Friday, December 18, 2015

The Best of Free Technology for Teachers - Survey Results

Last week I posted a Google Form in which I asked readers of Free Technology for Teachers to vote for their favorite ed tech tools. At midnight last night I closed the survey and Google Forms compiled the results for me. Below are the tools that were the most popular in each category.

Video creation: 
iMovie for iPad (free with new iPads) won by a slight margin over Animoto and WeVideo.

Audio creation/ editing:
SoundCloud came out on top. That one surprised me a bit. It is also interesting to note that this is the category that received the fewest overall votes.

Creative Commons/ Public Domain Image Sources:
Flickr - The Commons took 26% of the votes while Photos for Class and Pixabay took 20% and 18% of the votes respectively.

Digital Portfolios:
Google Sites took this category in a landslide with 37% of the votes. The closest competitors were SeeSaw and Weebly which had a combined 36% of the votes.

Blog/ Website platform:
Blogger took this category with Google Sites and Weebly not too far behind.

Quiz / Formative Assessment Tools:
It wasn't much of a surprise to me that Kahoot was the top vote getter in this category. Everywhere I go people rave about how much they love Kahoot.

Teacher-Parent-Student Communication Apps:
Remind had nearly 50% of the votes and crushed the competition in this category.

Other/ Write-ins:
This was a space for folks to suggest tools that might not have fit in another category. In this section HSTRY was written more than any other tool. The comments in the form spoke to the versatility of HSTRY as folks wrote about using it as an assessment tool, a portfolio tool, and as a timeline tool.

The complete spreadsheet of results is available here.

Why Rivers Have Deltas - A MinuteEarth Lesson

Why Do Rivers Have Deltas? is a new video lesson from the folks at MinuteEarth. In the two and a half minute lesson we learn how deltas are formed, the role of the ice age in creating deltas, and why some rivers have more pronounced deltas than others.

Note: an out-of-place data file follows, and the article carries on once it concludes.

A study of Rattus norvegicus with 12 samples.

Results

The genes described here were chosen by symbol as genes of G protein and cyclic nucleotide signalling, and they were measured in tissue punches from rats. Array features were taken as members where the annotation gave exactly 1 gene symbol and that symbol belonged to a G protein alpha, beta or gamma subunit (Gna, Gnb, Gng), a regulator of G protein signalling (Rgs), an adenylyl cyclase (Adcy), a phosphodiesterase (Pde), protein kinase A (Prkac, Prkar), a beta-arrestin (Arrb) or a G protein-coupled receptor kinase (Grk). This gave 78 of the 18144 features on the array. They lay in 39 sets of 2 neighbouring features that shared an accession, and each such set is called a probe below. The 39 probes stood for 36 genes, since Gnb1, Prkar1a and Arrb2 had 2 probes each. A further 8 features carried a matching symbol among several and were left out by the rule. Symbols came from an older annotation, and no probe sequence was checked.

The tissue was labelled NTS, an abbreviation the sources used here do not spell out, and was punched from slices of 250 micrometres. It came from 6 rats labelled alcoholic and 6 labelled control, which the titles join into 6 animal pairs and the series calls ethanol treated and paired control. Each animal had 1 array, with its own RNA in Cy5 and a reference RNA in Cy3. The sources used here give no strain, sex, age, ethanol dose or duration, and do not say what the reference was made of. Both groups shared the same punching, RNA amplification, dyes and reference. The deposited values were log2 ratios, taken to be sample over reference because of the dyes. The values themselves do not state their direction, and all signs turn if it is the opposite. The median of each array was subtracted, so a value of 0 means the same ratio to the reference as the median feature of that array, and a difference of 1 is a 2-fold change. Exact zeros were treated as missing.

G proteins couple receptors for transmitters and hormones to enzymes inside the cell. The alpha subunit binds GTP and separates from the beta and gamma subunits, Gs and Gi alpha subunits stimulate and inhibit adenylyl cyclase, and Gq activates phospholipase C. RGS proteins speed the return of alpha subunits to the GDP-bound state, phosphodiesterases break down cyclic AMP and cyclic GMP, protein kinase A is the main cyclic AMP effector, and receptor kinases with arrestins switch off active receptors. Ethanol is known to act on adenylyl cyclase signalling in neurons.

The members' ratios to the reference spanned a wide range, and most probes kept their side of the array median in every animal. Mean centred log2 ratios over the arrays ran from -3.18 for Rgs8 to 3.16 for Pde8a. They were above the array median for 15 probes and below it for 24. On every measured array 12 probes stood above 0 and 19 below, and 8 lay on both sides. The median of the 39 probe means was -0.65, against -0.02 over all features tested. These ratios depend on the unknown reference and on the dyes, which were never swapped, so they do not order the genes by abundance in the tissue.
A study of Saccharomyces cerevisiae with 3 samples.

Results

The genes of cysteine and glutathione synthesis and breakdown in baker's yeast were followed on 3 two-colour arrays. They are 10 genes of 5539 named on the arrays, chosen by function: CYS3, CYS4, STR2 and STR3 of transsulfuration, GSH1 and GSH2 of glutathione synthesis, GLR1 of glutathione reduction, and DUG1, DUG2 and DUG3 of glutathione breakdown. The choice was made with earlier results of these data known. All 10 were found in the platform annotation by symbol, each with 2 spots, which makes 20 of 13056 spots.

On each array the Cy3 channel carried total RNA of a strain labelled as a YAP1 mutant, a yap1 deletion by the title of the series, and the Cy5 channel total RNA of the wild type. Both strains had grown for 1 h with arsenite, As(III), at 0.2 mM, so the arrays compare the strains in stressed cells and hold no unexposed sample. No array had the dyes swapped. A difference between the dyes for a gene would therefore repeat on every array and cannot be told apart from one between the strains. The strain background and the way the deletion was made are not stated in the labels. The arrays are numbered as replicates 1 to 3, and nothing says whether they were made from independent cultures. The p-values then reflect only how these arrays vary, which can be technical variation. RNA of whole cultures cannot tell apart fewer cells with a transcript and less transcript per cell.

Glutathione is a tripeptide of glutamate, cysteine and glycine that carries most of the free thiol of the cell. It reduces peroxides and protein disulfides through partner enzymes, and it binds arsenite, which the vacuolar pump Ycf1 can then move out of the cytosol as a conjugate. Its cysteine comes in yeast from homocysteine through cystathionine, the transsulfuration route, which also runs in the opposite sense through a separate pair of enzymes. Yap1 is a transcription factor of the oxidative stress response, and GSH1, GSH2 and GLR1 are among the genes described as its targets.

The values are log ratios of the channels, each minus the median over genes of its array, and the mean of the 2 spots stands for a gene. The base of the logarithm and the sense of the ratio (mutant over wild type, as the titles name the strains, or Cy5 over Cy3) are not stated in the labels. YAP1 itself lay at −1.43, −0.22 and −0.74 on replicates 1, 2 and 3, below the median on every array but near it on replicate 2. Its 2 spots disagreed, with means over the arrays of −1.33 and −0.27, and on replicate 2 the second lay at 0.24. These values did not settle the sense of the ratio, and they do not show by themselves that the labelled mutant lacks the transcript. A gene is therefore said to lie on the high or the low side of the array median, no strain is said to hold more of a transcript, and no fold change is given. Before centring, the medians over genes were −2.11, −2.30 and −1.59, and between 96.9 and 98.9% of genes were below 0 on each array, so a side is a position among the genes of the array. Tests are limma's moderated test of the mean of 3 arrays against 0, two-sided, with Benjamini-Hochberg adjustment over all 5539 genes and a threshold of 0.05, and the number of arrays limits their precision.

Sources consulted in the making of the video are available in the show notes on YouTube.

Applications for Education
This video could be used as a short introduction to the topic of erosion. It's not long enough or deep enough to be a complete lesson, but it could become part of a larger flipped lesson. Take a look at using one of these five tools to create a flipped lesson.

10 Tutorial Videos for 10 Student Response Tools

Earlier this week I posted a list of fifteen free student response tools. I plan to make video tutorials on how to use all of them. So far I have ten tutorial videos for ten free student response tools. All of those videos are included in the playlist embedded below.

The ten tools featured in the videos below are GoFormative, DotStorming, Twitter Polls, 81 Dash, Tozzl, TodaysMeet, Meeting Words, Padlet, Otus Plus, and Answer Garden.

Subscribe to my YouTube channel for more tutorials on useful ed tech tools. I release a new video at least once a week.

Go to Washington D.C. as a C-SPAN Fellow in 2016

Just as in past summers, in 2016 C-SPAN will bring a select group of three social studies teachers to Washington, D.C. as C-SPAN Fellows. The C-SPAN Teacher Fellowship Program brings together teachers and media specialists to work together for four weeks to develop new teaching materials. Teachers selected for the program will receive an award valued at $7,000 (including lodging and travel costs). You can learn more and find the application here. Applications are due by February 26, 2016.